Jesus wept. Standing in the cemetery with Martha and Mary, he didn’t pat the grieving sisters on the shoulder. He didn’t say, “I’ve got this.” Certainly he could have. Jesus knew that in a few moments he would order the great stone rolled away from the tomb and call a dead man from its greedy maw. He knew that this sign would portend his own resurrection and back up his statement: “I am the resurrection and the life.”
But when the sisters each said, “Lord if you had been here our brother wouldn’t have died,” it must have been like a knife under his ribs. He had delayed rushing to their brother’s deathbed on purpose so that the Father would be glorified. But in that moment, before the tomb, he grieved for the sisters and for his friend Lazarus. Jesus did not stand apart from their grief. He entered into it.
On a recent Wednesday, I faced this phenomenon myself: stand apart from the sorrow, or enter into it. First I visited with the family of a man who had learned two weeks earlier that he had only months to live. But the end came more quickly than that. On Saturday he was changing the brakes on his wife’s car; on Sunday he was in a coma. He believed in God, his wife said, but unlike her, he never accepted Jesus as his savior. She had carried this sad truth throughout their marriage. She had lived her faith before the man and witnessed to him many times. Many people had, and now it was too late.
An hour later I met with another man who had learned two weeks earlier that he had only months to live. He had questions about faith. He wanted answers about why Jesus had to die for everyone. But more important, he wanted to be certain of his own salvation. He wept over sin—his own—and we prayed for his salvation and assurance.
On the way home I thought about the contrasts between these two meetings. And I wondered when was the last time I saw someone weep over his own sin. It’s been a while. I’ve been there many times when people cried over the sins of others, and the impact of sin on the nation, but crying with the realization that their own sin is an offense to God? That their sin sent Jesus to the cross? It’s been a while. And stopped at a red light, I thought, How long since I cried over my own sins and my part in the sacrifice of Jesus?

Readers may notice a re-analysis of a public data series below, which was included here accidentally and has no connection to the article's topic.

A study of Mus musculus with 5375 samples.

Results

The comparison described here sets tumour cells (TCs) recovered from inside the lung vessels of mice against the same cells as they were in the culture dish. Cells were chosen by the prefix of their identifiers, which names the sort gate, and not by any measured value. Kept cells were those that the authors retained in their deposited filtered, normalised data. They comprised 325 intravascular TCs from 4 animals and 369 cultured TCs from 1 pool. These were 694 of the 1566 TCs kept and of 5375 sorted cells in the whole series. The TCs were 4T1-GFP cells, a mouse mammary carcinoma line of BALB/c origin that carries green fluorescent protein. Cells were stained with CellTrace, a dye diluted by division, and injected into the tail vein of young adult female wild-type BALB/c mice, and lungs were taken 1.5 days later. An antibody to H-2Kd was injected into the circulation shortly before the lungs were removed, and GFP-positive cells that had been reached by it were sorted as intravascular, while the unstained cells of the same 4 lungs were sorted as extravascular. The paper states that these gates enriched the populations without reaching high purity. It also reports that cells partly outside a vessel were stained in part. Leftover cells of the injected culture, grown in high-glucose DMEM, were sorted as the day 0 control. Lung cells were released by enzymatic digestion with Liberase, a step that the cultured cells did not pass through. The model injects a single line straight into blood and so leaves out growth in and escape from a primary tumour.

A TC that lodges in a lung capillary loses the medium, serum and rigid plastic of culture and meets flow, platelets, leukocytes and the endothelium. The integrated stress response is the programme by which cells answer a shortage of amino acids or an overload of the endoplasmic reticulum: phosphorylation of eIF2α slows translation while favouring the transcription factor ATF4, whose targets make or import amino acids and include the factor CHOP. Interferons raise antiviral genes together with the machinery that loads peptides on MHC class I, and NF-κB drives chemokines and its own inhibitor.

We who handle holy things are like celebrity chefs who brag about their “asbestos fingers.” They’re so accustomed to grabbing hot pots without pot holders that their hands have become desensitized to the heat.
We stand so close the burning bush that it warms our toes but singes our eyebrows, and we hardly notice the difference. We climb the mountain like Moses to meet with God, and we approach the burning peak with such aplomb that the smoke and lightning don’t scare us. We reach out to prop up the house of God with unholy hands, hardly thinking that others who did so were struck dead.
And across a thousand Sundays in the course of our ministries, we offer up symbolic body and blood with little thought to the lambs whose throats were slit, whose lifeblood drained into bowls to sprinkle the altar, and whose bodies were burned in sacrifice for sins. “Without the shedding of blood there is no forgiveness for sin” is easier said over Welch’s than Red Cross. Strange as it sounds, in the rush to the Good News, it’s possible to skim past the realities of death. It’s possible to celebrate the Cross without mourning the blood dripping from God’s Ultimate Sacrifice. If we are not careful, all this handling of holy things becomes routine.
Even when we are careful.
Before we rush to the joys of Resurrection Sunday, let’s stop first at the reality of Crucifixion Friday. With sorrowful John and the weeping Marys at the foot of the Cross, let’s consider our own complicity, and enter in.
Eric Reed is editor of the Illinois Baptist newspaper.